U.S. SENIOR WOMEN'S OPEN
Rousing Victory May Boost Davies on Return to Tour
July 15, 2018 | WHEATON, ILL.
By Ron Sirak
Bob Jones, the greatest amateur ever to play the game, liked to say: “There is golf and then there is tournament golf.” Becoming a champion is a delicate mix of talent, intelligence and belief in yourself. The discipline needed to be a winner is not learned anywhere but in the heat of competition. It could very well be that Laura Davies won more than the U.S. Senior Women’s Open on Sunday at Chicago Golf Club. It could be that she found a missing piece to her game – a belief in herself.
Davies, who last won an LPGA event in 2001, didn’t hesitate when asked what has kept her out of the winner’s circle.
“I think confidence,” she said. “You feel nervous all the time. You know the shots you can hit or used to be able to hit, and you can’t quite do them, so your confidence takes a bit of a knock. Yeah, it’s just in your mind really. It’s not really a physical thing; it’s more in the head.”
You wouldn’t think confidence would be an issue for someone who includes the 1987 U.S. Women’s Open among her 20 LPGA titles and 85 wins worldwide. But she hasn’t won anywhere since India in 2010, even though earlier this year she was T-2 in the LPGA Founders Cup with rounds of 63-69 on the weekend, edged out only by Rolex Rankings No. 1 Inbee Park.
“Well, yeah, I haven’t won for eight years,” Davies said about the state of her nerves during Sunday’s final round. “The pressure you’re playing under when you’re trying to just do something for yourself, prove to yourself you can still win, so this ranks highly up there. And obviously because it’s a USGA event, it’s hard to compare tournaments, but this is very high on my list of achievements, I can assure you.”
One thing is clear from her overwhelming performance at Chicago Golf Club, where only four players broke par: Davies still has a lot of game. She is simply one of the most talented players in the history of the women's game. Always one of the longest hitters in women’s golf, she still compresses the ball in a special way and hits it high, often able to fly fairway bunkers, enabling her to play the par-5 holes 14 under par. She also showed a deft touch on and around the extremely demanding greens. Her 16-under-par 276 was 10 strokes better than runner-up Juli Inkster and 12 clear of Trish Johnson.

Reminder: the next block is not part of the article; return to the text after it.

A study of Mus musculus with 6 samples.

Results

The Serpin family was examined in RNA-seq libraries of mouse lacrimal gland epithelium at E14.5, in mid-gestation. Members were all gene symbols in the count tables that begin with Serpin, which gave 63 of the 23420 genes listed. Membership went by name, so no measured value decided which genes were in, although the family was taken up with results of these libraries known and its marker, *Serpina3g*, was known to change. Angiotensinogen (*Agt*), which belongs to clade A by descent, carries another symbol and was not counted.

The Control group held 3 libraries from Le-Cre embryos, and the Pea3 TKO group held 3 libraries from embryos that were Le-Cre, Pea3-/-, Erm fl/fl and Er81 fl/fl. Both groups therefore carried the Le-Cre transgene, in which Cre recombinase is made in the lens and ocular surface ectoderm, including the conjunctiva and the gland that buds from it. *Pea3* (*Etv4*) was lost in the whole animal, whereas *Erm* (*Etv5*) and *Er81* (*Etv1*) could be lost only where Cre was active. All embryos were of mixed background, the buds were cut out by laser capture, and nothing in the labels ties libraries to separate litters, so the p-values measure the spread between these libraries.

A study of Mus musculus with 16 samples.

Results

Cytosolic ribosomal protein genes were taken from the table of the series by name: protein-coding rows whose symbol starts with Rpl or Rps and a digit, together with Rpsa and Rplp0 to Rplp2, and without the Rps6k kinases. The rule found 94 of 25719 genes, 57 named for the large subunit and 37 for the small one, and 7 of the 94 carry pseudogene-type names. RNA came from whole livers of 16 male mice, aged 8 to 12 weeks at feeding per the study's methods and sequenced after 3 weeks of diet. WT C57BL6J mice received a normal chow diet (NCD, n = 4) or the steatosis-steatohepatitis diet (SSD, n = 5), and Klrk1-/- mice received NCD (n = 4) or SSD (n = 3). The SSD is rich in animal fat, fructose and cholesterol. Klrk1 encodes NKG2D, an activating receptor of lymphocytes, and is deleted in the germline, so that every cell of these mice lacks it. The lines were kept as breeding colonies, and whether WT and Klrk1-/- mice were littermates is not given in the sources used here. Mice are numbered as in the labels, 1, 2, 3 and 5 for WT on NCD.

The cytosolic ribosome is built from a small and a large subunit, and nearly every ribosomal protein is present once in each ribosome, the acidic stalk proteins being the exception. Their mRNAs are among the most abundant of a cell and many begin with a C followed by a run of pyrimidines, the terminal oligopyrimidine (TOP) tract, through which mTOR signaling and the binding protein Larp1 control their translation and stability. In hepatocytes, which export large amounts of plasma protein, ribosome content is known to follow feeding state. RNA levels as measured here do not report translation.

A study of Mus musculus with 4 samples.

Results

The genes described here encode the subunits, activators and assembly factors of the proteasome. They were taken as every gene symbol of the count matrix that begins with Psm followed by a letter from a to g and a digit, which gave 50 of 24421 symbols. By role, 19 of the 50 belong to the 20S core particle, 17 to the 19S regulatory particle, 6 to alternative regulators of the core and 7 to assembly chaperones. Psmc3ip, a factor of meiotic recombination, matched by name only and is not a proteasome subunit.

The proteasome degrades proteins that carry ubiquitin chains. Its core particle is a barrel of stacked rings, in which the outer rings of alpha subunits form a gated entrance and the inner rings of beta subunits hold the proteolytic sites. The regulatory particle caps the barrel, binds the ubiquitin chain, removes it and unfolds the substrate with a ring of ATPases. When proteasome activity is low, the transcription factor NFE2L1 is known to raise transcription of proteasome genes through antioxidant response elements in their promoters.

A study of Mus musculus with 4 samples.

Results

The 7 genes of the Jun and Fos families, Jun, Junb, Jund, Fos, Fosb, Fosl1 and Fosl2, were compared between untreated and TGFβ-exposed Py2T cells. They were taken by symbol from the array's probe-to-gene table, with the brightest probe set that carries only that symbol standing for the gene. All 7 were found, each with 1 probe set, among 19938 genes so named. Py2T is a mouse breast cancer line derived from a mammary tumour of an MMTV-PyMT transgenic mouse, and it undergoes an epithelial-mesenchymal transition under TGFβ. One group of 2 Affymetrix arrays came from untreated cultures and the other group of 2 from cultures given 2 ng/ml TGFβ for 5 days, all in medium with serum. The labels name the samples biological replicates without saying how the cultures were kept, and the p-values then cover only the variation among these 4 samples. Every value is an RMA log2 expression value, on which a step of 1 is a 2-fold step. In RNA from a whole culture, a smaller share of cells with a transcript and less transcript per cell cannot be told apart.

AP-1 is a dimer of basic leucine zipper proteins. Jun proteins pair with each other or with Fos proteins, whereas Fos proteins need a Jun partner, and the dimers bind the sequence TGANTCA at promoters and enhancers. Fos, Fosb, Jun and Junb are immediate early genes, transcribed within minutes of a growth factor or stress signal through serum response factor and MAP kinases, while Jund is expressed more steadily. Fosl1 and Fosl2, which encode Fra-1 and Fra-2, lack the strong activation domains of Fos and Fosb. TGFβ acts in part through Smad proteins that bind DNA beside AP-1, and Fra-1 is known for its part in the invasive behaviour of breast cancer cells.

“Well, I mean, winning is winning,” she said when asked what this does for her confidence. “You see people like Steve Stricker and Freddie Couples, when they play the Masters and the PGA Tour events, they go from the Seniors and winning regularly, and their confidence transfers over, and that’s why I think they do quite well on the regular tour. You build up a bit of momentum, and a golf course is a golf course. Sometimes the field strength is a little bit different, but in your own mind, if you’ve done something like this, 16 under for four rounds around a proper championship course, it can’t do anything but fill you full of confidence.”
Davies is flying to London on Sunday night, and after a week off, will next tee it up at the Ladies Scottish Open at Gullane and then play the Women’s British Open at Royal Lytham & St. Annes. It will be interesting to see what her confidence level is as she goes back out on the LPGA Tour. If she wins again on tour, she’d shatter the record for oldest tour winner, which is Beth Daniel at 46.
Although she’s already been inducted into the World Golf Hall of Fame, Davies still needs two points to qualify for the LPGA Hall of Fame, and that’s exactly how many points they award for winning a major championship. A victory at Lytham and she’s in. That’s pretty good motivation, and Lytham is another pretty good course for a long hitter to negotiate with a 2-iron.
Davies leaves Chicago Golf Club with a trophy that identifies her as the first winner of the U.S. Senior Women’s Open. That’s historic. But she may also leave with the confidence she needs to make history on the LPGA. Certainly, she proved this week that she was the best player here. That knowledge may travel very well as she heads to the other side of the Atlantic.
Ron Sirak is a Massachusetts-based freelance writer who frequently contributes to USGA digital channels.